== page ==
DENHAM SPRINGS – Soldiers, sailors and Marines escorted Keagan Stoan Furlong to his boyhood home Friday.
They also placed American flags along the route his hearse followed to Seale Funeral Home.
They didn’t know him, but that didn’t matter. He wore the uniform of the U.S Army; that was good enough.
“Our mission is to do this,” said Roland “Blade” Sanchez, the ride captain with the Patriot Guard Riders.
The retired U.S. Coast Guardsman said his nonprofit group provides “dignity and respect at memorial services” to active-duty military personnel, veterans, first responders, firefighters or police.
“Most are veterans, not all; most ride bikes, not all,” Sanchez said.
Sanchez and five other Patriot Guard Riders escorted the hearse from the New Orleans airport to Denham Springs, led by Furlong’s father, Jonathan, he said.
Keagan Stoan Furlong, 22, died May 7 at University Hospital in Columbia, Mo.
He was stationed at Fort Leonard Wood, where he was undergoing training as part of his National Guard service.
A memorial service is scheduled at 2 p.m. Saturday at Seale Funeral Home.
Furlong was born in Baton Rouge on Jan. 12, 1997, to Jonathan Furlong and Monica Parker, his obituary said.
At the age of 16, Keagan and his dad moved to Mountain View, Ark., where he attended high school and played football and baseball.
He graduated from Mountain View High School in 2016 and attended National Park College in Hot Springs, Ark., before he made the decision to enlist in the National Guard.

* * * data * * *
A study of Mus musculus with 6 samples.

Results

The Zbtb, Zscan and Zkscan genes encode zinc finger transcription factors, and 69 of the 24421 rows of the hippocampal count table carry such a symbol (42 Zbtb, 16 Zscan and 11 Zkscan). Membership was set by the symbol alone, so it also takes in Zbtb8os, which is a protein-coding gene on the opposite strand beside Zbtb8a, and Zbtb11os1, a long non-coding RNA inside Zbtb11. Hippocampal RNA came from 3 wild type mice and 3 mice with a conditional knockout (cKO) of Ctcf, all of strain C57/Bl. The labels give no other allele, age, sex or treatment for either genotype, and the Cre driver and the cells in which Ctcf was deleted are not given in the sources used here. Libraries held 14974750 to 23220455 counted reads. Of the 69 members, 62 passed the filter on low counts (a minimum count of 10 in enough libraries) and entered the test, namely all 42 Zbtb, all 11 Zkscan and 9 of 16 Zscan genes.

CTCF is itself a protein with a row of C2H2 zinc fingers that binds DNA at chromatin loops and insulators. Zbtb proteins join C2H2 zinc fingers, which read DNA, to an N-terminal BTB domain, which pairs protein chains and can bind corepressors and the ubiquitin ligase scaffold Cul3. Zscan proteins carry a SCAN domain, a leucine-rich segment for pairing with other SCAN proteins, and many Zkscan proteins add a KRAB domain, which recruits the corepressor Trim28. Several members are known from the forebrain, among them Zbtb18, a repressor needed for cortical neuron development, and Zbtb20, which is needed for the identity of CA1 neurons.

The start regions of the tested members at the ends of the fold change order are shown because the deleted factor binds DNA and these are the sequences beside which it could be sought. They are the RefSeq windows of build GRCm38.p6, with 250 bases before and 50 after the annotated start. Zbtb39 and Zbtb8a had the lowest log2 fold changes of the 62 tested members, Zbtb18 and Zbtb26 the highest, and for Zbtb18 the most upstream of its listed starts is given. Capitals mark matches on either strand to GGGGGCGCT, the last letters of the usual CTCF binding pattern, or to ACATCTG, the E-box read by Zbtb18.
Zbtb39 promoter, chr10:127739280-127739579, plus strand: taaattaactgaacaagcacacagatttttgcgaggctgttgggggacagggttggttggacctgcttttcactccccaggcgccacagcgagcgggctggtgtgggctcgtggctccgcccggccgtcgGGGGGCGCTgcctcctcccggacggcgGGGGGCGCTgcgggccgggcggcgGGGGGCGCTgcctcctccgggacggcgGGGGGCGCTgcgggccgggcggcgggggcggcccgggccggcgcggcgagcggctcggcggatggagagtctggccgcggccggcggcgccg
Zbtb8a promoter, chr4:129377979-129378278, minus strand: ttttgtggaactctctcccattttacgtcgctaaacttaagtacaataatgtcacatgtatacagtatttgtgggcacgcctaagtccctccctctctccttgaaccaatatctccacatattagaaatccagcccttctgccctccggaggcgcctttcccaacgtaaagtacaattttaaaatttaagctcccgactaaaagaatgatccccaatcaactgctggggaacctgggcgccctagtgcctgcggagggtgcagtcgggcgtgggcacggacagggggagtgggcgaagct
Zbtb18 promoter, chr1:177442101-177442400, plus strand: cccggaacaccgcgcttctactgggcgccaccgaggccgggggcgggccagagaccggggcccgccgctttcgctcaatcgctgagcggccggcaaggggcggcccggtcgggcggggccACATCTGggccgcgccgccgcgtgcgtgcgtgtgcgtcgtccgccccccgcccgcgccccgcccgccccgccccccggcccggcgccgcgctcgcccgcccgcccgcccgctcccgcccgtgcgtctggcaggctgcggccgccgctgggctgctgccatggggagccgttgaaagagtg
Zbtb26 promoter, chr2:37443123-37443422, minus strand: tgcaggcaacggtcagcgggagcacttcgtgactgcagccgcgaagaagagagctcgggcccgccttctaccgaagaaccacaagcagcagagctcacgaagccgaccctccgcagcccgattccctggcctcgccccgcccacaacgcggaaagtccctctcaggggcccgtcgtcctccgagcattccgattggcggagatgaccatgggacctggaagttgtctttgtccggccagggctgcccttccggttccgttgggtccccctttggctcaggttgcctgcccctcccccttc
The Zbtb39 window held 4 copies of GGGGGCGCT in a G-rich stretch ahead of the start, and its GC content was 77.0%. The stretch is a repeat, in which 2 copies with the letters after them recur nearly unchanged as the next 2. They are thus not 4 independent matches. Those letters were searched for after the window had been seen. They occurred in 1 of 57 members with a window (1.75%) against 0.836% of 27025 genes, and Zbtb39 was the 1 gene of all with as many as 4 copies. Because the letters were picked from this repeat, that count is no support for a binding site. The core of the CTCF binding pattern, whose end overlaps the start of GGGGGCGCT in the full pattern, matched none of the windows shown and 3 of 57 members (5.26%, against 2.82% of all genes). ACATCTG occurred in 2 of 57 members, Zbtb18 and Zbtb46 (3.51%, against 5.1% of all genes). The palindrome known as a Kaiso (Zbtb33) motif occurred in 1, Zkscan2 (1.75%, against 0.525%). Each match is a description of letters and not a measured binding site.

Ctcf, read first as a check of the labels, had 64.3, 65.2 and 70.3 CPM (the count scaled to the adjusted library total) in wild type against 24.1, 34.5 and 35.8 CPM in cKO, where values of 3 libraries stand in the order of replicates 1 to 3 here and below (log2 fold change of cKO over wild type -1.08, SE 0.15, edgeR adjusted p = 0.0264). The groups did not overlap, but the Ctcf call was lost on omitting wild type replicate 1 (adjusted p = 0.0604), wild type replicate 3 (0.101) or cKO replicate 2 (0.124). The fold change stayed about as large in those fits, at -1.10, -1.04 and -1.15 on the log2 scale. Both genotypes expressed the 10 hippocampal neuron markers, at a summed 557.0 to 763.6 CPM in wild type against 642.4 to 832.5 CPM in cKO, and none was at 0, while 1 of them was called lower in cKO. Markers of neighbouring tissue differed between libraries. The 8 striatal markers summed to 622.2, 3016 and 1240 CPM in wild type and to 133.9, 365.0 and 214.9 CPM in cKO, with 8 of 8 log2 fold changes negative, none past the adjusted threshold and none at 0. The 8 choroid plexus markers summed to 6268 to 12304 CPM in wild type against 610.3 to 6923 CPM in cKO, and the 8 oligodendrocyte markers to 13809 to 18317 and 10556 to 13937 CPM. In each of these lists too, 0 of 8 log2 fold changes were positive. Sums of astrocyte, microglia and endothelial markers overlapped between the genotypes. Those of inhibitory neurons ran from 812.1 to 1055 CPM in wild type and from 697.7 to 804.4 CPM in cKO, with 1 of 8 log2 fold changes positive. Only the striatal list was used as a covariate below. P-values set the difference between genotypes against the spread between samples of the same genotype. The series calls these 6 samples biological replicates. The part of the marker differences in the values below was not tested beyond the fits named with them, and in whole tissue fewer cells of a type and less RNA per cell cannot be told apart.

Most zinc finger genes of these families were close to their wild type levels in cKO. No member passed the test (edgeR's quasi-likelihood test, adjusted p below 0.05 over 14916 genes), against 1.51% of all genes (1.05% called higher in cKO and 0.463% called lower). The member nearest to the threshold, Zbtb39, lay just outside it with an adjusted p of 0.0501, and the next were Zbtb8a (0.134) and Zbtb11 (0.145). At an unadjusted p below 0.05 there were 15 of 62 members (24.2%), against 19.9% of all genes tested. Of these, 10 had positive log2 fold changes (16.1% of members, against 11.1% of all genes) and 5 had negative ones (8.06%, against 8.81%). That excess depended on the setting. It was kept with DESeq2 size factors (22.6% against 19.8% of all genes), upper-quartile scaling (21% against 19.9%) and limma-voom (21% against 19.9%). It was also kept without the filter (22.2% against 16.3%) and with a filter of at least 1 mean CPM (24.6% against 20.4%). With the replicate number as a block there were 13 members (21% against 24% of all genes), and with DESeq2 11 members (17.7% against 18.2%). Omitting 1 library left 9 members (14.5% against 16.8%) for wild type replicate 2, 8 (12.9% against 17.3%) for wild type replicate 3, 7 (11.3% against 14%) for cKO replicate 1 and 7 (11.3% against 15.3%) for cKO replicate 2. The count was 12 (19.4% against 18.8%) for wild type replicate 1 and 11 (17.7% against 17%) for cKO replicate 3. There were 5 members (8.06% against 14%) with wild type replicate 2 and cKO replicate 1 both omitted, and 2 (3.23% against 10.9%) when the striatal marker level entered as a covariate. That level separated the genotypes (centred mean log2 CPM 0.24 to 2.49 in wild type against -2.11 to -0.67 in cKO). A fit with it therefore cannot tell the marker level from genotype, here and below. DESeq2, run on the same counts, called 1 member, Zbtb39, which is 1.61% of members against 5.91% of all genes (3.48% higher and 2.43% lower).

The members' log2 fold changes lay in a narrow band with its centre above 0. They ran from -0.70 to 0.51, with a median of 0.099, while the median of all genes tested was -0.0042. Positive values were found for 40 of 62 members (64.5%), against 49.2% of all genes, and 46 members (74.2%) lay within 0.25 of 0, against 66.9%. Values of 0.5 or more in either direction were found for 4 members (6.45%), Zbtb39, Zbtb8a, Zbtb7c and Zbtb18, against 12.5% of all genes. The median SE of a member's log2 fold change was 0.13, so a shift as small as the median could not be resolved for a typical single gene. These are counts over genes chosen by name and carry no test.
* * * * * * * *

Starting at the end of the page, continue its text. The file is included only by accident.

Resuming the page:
His obituary said Furlong was “a giving young man and his giving continues, as his donation of organs and tissues will save the lives of five people and touch the lives of many, many more.”
The Patriot Guard Riders were called Thursday, according to Sid Gale, who helped set up the American flags.
“The funeral home gives us the information,” said Gale, a Marine Corps veteran of the Vietnam War with the “Purple Foxes” of Helicopter Squadron 364.
“Those who are able to come show up. We’re all volunteers,” he said.
Gale and his group lined up under the driveway of the funeral home. When the hearse pulled up, they were joined by the motorcycle escort.
“Attention. Hand salute,” was the crisp order given.
The solemn nature of their role was not lost on Army veteran Gale Cummins, of Walker.
“This is a sad situation,” Cummins said, “but we’re glad to do it for an active-duty soldier.”
Cummins reflected on the 15 jumps he made with the 82nd Airborne in the late ’80s – and the 16th when his parachute didn’t open, leaving him with a broken back, pelvis and closed brain injury.
He later survived a burst appendix, making Cummins think, “There’s a purpose for me being here.”
“I saw people along the street with flags in their truck. That was good,” he said.